Holiday Tips for Caregivers (and anyone with parents)

How do you get through the holidays with aging parents?

Here is what I have learned from families over the years about keeping their minds with aging parents at holiday time.

  1. Ask your loved one how THEY would like to spend the holiday.  Their answer may surprise you with its simplicity.
  2. Don’t guilt your parent into doing the usual traditions if they don’t want to. Honor doing less. Remember, this may be their 80th tree trimming and they may be “over it.” My mom put up a paper tree one year and I was sad when she said that was going to the the tree for Christmas. But, it was her house and she wasn’t a tree person anyway. It had been my dad’s tradition.
  3. My rule of going to only one place per day is still is a good one.  Go to one store or the bank or the post office, etc. and come back home. Save another errand for another day.
  4. Have guests wear name tags. This reduces embarrassment for all when we can’t remember someone’s name, but is especially nice if your parent is having short-term memory loss. People who can’t remember names will often opt out of social gatherings as their symptoms get worse.
  5. Realize that making the traditional holiday meals are a lot of work, especially if there are vision, dexterity, stamina, or pain issues at play for your loved one (or you).  If your loved one doesn’t want to cook or decorate this year, perhaps you can offer to do these things. To add to the experience, you may want to invite your loved one over to supervise. It’s fun to learn to make cherished items and carry tradition forward.
  6. Money may be tighter for our parents as they age, so you can insist on buying ingredients for a dinner.
  7. Offer to do the driving to events, especially at night. As we age, night time driving can be more difficult, especially if rainy or snowy weather, or we have alcohol in our system. And, speaking of alcohol…
  8. Limit alcohol at parties, one beverage (5 oz. wine or 1 beer or 1 oz. of hard liquor) is the guideline for those over 65. That’s mainly because the liver takes longer to process the alcohol, the kidneys don’t filter as quickly, and medications may be in a person’s system that intensifies the drowsiness effect of alcohol.
  9. screen-shot-2016-11-25-at-12-33-22-pmSometimes we hesitate to bring a relative somewhere because they can’t make it up the stairs. You can purchase or borrow a portable ramp and take it to places and then use a walker or wheelchair. It folds out and goes over front or back steps, and then you take it home. Go to to see all the types you can order.
  10. gals-working-out-with-mom-compressorGetting moving is a great idea, especially if we get our heart rate up. Blood increasing to the brain is healthy for all of us and helps stave off dementia. So, offer to take a gym class when you visit a relative or go for a walk, if possible. See the picture of me and my mom. We went to her Silver Sneakers cardio class and a Zumba class. Go, Mom! If your loved one lives in a facility, bundle them up and go for a walk around the block. That simple act of changing the scenery for them will aid getting Vitamin D and help combat depression. Being outdoors can aid in a better night’s sleep for both of you.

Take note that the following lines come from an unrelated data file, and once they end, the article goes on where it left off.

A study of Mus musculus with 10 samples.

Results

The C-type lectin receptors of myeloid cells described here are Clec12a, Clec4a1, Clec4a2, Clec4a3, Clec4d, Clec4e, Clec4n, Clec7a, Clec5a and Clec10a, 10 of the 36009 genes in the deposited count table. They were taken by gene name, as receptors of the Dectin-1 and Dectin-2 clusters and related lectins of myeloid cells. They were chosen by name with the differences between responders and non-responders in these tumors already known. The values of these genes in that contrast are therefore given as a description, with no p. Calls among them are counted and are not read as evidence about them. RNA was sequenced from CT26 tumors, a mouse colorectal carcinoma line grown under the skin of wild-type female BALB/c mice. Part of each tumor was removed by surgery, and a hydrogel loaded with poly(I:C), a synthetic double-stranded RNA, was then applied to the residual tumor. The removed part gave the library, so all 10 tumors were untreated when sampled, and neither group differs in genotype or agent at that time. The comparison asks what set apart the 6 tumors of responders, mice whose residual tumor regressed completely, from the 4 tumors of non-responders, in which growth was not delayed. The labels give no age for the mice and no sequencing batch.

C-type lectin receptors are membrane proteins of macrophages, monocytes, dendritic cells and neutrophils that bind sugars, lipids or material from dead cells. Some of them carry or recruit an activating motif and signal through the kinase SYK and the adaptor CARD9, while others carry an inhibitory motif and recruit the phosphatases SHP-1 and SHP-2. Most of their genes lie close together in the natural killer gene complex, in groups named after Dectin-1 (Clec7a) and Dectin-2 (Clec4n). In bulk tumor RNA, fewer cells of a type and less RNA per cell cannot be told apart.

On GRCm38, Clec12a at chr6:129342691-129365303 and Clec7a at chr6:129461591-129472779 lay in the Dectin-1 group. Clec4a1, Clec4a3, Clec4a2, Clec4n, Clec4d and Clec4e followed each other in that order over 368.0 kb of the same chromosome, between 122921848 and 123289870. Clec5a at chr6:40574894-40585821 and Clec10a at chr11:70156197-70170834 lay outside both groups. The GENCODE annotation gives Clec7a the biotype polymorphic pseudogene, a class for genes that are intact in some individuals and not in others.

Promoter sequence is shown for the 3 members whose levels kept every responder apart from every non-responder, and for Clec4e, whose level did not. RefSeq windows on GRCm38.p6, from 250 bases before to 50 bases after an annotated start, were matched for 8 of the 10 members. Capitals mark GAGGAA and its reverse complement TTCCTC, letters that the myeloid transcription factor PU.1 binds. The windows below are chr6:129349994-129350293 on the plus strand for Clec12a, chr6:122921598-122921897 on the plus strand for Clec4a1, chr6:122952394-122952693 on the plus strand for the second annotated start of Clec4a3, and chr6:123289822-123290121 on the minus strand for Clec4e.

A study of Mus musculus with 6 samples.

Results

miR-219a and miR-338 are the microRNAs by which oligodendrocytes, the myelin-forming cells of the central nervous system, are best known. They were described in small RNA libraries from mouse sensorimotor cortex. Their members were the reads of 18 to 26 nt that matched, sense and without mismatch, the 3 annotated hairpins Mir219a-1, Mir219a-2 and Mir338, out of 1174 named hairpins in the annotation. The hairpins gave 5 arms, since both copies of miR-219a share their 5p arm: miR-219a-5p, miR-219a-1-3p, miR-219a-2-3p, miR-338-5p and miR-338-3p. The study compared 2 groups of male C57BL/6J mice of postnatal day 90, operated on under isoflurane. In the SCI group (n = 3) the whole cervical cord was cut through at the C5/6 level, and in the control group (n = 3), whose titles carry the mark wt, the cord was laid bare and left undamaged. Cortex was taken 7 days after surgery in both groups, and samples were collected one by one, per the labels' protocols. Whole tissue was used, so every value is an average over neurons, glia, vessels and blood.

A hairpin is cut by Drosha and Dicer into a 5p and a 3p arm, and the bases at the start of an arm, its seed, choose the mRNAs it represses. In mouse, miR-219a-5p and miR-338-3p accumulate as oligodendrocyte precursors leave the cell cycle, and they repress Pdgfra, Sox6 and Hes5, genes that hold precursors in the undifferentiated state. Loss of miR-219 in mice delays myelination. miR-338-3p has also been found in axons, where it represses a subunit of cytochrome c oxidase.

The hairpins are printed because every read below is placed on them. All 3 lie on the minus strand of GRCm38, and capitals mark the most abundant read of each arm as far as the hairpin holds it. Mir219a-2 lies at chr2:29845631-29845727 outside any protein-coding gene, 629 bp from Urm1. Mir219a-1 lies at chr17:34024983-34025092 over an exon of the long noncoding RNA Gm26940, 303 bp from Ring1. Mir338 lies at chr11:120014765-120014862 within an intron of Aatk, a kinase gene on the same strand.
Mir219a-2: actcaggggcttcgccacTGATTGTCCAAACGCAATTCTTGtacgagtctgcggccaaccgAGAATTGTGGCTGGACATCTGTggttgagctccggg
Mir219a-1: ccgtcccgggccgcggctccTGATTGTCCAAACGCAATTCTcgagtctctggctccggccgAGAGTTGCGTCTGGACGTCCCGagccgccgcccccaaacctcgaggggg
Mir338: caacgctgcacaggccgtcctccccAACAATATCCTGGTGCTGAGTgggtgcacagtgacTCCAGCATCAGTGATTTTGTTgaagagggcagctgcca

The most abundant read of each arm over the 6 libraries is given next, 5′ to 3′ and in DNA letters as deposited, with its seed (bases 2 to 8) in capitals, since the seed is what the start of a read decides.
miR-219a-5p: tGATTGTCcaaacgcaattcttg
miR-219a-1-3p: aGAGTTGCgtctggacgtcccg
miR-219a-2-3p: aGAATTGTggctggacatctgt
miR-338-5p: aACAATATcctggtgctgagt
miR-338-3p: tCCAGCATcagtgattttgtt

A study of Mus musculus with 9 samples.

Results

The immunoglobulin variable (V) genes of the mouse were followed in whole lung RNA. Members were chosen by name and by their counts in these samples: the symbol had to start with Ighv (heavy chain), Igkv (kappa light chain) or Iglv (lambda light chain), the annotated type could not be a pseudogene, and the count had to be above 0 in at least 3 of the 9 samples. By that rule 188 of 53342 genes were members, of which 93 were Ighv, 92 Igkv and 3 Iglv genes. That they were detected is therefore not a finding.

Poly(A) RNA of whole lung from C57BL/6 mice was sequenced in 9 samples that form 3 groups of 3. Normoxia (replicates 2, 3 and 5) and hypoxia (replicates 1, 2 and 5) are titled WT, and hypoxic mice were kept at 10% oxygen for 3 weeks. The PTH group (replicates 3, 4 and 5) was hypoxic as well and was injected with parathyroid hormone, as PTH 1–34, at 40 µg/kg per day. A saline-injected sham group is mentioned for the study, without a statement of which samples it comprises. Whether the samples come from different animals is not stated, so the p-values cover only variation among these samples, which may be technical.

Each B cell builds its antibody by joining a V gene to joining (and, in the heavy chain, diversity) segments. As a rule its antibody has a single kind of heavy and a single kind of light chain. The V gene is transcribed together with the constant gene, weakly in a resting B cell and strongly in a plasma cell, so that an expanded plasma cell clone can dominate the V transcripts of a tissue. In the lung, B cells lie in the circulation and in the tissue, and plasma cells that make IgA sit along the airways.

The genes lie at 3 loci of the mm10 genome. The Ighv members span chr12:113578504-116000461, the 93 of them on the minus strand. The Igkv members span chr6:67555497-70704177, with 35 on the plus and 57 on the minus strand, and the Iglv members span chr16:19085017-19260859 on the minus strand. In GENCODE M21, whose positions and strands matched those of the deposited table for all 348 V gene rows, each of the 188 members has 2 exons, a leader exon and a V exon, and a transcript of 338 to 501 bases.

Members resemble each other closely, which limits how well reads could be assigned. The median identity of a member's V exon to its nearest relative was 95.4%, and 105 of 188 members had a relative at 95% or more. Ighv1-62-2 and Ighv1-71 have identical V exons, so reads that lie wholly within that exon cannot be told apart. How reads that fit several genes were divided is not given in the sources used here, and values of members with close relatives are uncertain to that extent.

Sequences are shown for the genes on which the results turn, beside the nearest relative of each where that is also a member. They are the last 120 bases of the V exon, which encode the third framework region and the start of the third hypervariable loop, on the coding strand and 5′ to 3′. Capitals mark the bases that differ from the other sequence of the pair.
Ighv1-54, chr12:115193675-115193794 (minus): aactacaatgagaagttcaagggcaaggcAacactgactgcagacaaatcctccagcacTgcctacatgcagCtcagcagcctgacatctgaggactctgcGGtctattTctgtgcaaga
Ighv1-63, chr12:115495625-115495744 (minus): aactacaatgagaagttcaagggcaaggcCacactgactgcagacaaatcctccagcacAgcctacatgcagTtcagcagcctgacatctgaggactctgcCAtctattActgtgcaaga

11. Rather than buying a gift, offer to do a house chore the person needs to be done. You may be able to clean the leaves from the gutter, change bed linens, or help wrap gifts, whatever they need.


Helpful tips you have a relative with memory loss:

  1. Realize that their perception of a holiday event is altered. Their ability to remember names, mingle, accurately see and hear things may be impaired. A lot.
  2. If your relative says “no thanks” to the annual events you are doing, understand and honor doing something smaller or at their home, rather than at another’s home or doing nothing.  For some people with dementia, a party can be overwhelming, even when they enjoyed the parties in the past.
  3. They may react badly once they are there and want to leave. The stimuli of a room full of people can blow a person away. This can happen even if you don’t have dementia, right?
  4. Tell family ahead of time that you’re coming BUT may need to take your loved one home early. Apologize if this affects their food count, table setting, etc., but you’re going to have to play things by ear.
  5. Music can be comforting and enable your loved one to calm down and stay for dinner. Try singing familiar songs. No guarantees.
  6. Roll with the changes and realize this holiday season may be different from years before, which may make you sad as you adjust to the new normal. On the other hand, it may be different in a good way, a way that is less stressful as you don’t struggle to have the holidays go a certain way. Heck, your loved one may be more easy going.
  7. Stay in a quieter area of the house to keep interactions low key. However, if your loved one still can’t tolerate all the people, immediately reduce the number around the person until they seem comfortable or just leave the party. The comfort of your loved one is paramount.